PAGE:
Participants hold their paddles up before departing from the starting point in the 10th annual "Paddles Up" Saturday at Beaver Island State Park. (Photos by K&D Action Photo and Aerial Imaging)

Safe boating emphasized at 'Paddles Up'

•Taken from the July 31 Island Dispatch

Fri, Jul 31st 2015 05:25 pm

By Alice Gerard

Exploring the water safely was a main theme at "Paddles Up," which was held July 25 at Beaver Island State Park.

This year marked the 10th year of "Paddles Up," a noncompetitive paddling event that is held on the last Saturday of July.

According to Ro Woodard, education specialist for the Marine Services Bureau of the New York State Office of Parks, Recreation and Historic Preservation, "I do boating education and outreach. I am here doing lifejacket education. I'm encouraging people to wear life jackets and to have a whistle on the life jacket."

"The life jacket will save your life. You need to wear it, especially if you're a paddler on a small boat. It is hard to put on a life jacket if you're in the water. Falling out of the boat happens suddenly, and you can't prepare for that. You want the security of being able to pop up (from the water), get your boat and your gear, get picked up by someone else, and not have to swim," Woodard said.

Woodard said New York state has adopted federal regulations that require boaters to wear a life jacket and to carry a whistle. The whistle, she said, is only to be used when the boat is in distress. In addition, "if you're out at night, you're required to have a light to light up when something is coming near you."

Boaters at night are also encouraged to stay near the shore and tell someone where they are going, Woodard said.

The use of life preservers is also being encouraged by the ninth Coast Guard district of the U.S. Coast Guard Auxiliary. Flotilla Commander Steve Birtz said, "We are trying to promote vessel safety and the wearing of life preservers. As an auxiliary, we teach vessel safety classes. They are required for anyone turning 18 and operating vessels with motors."

The classes are offered four to five times a year, Birtz said. In May, the classes are offered at the Buffalo Launch Club. Late in April, these classes are presented at the East River Fishing Club, 355 East River Road.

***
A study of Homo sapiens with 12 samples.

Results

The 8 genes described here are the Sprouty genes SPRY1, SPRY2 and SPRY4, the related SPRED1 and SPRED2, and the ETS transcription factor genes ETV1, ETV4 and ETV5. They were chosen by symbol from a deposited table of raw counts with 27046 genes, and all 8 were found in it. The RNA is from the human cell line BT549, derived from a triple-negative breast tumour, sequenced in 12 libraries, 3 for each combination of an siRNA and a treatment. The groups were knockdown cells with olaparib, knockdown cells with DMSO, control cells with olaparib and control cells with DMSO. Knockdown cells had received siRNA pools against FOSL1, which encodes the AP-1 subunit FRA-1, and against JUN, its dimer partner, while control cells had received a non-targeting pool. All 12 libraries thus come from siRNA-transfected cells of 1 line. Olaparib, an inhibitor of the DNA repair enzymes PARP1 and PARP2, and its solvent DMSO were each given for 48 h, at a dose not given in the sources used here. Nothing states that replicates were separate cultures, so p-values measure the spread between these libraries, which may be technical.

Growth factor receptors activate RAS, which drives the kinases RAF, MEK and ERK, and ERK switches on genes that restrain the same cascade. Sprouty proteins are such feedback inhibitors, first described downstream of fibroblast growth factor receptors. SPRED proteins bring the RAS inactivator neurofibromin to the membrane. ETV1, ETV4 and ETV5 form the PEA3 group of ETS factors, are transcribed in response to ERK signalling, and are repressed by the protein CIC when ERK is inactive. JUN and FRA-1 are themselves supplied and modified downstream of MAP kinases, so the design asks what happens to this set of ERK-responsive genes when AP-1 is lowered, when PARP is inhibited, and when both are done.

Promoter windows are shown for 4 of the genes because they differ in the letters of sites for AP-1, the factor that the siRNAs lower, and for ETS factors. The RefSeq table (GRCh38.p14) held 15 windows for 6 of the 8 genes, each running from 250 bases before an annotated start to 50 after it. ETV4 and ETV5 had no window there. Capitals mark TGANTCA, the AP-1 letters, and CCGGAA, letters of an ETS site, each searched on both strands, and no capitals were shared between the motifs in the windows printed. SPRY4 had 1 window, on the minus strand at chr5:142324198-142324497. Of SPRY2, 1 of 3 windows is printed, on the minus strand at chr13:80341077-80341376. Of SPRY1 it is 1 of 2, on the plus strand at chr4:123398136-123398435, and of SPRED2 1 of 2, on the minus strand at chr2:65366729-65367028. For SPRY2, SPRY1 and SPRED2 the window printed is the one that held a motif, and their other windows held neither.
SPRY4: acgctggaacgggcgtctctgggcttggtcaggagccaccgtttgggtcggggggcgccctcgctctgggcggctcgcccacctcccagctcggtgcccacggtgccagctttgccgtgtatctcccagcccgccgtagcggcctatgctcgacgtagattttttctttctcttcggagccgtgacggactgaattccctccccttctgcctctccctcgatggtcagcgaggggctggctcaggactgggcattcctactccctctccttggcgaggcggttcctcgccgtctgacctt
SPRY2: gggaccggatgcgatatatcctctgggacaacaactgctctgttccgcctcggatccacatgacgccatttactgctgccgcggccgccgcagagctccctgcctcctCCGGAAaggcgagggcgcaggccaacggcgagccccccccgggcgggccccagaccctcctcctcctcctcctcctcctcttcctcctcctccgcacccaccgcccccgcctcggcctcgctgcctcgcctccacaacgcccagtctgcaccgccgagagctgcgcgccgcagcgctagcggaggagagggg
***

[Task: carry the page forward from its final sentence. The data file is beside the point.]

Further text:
Chris Murawski of Buffalo Niagara Riverkeeper provided information at a table set up at "Paddles Up" "We're here to promote our Riverkeeper kayak tours. It is part of our outreach program to connect people to the water," he said.

Later, Murawski was in a kayak, demonstrating how to handle the watercraft should it flip over. Laura, an instructor-trainer with Wekanu, said, "People get disoriented when they flip upside down."

According to Woodard, "People should know how to do rescues. No one expects to be out of the boat. It (knowing how to do a rescue) makes the difference between calling the sheriff and being rescued or taking care of it yourself and having a good time."

For people who would like to learn how to paddle a kayak, classes are available on Saturdays and Thursdays at Beaver Island State Park.

According to Tina Spencer, a park naturalist for New York State Office of Parks, Recreation and Historic Development and a certified kayak instructor, the classes are free of charge. Kayaks, Spencer said, are "not as tippy as canoes."

"This is the best kept secret that nobody knows about," Spencer said.

Town Supervisor Mary Cooke said that there are many places to see in a kayak. "We would love for you to use the water and explore our town," she said.

Lunch was offered by the Grand Island Historical Society, for $14, to the boaters after they finished the noncompetitive paddle. The meal was served outside of River Lea with food was provided by Mike Carr of the Village Inn. According to Curt Nestark, president of the Grand Island Historical Society, "The historical society benefits by the exposure that we get by collaborating with state parks and the Niagara River Greenway Commission, and the boaters benefit by getting lunch and a tour of the museum. Our mission is to educate people about the Island, Beaver Island, Lewis F. Allen, and the history of the property (River Lea)."

Nestark said that, in 2006, Paul Leuchner -- who was then the chair of "Paddles Up" -- asked him if the Historical Society would be interested in hosting a lunch at the end of the "Paddles Up" event.

"My angle," said Nestark, "is that I am always looking for exposure, exposure, exposure for the Historical Society."

Leuchner stepped down from chairing the event after nine years. The new chair of "Paddles Up" is Joe Menter, recreation supervisor for the Town of Grand Island.

Kim Nestark, who was in charge of serving the food at River Lea, said, "It was a beautiful day for the event."

Cooke arrived at the luncheon after most of the boaters. She said that, after all of the kayaks and canoes set off on the course, she was offered the opportunity to try out one of the kayaks. She paddled around a lagoon for about an hour.

"I had a blast," Cooke said.


Moments before the event, Joe Menter, chairman of the event and the Town of Grand Island recreation director, presented Paul Leuchner an award for his part in creation of "Paddles Up." Leuchner was chairman of "Paddles Up" for the first nine years of its existence and is the event's founder in his time working with the Niagara Greenway Commission. "Paddles Up" is the signature event of the Niagara Greenway Commission.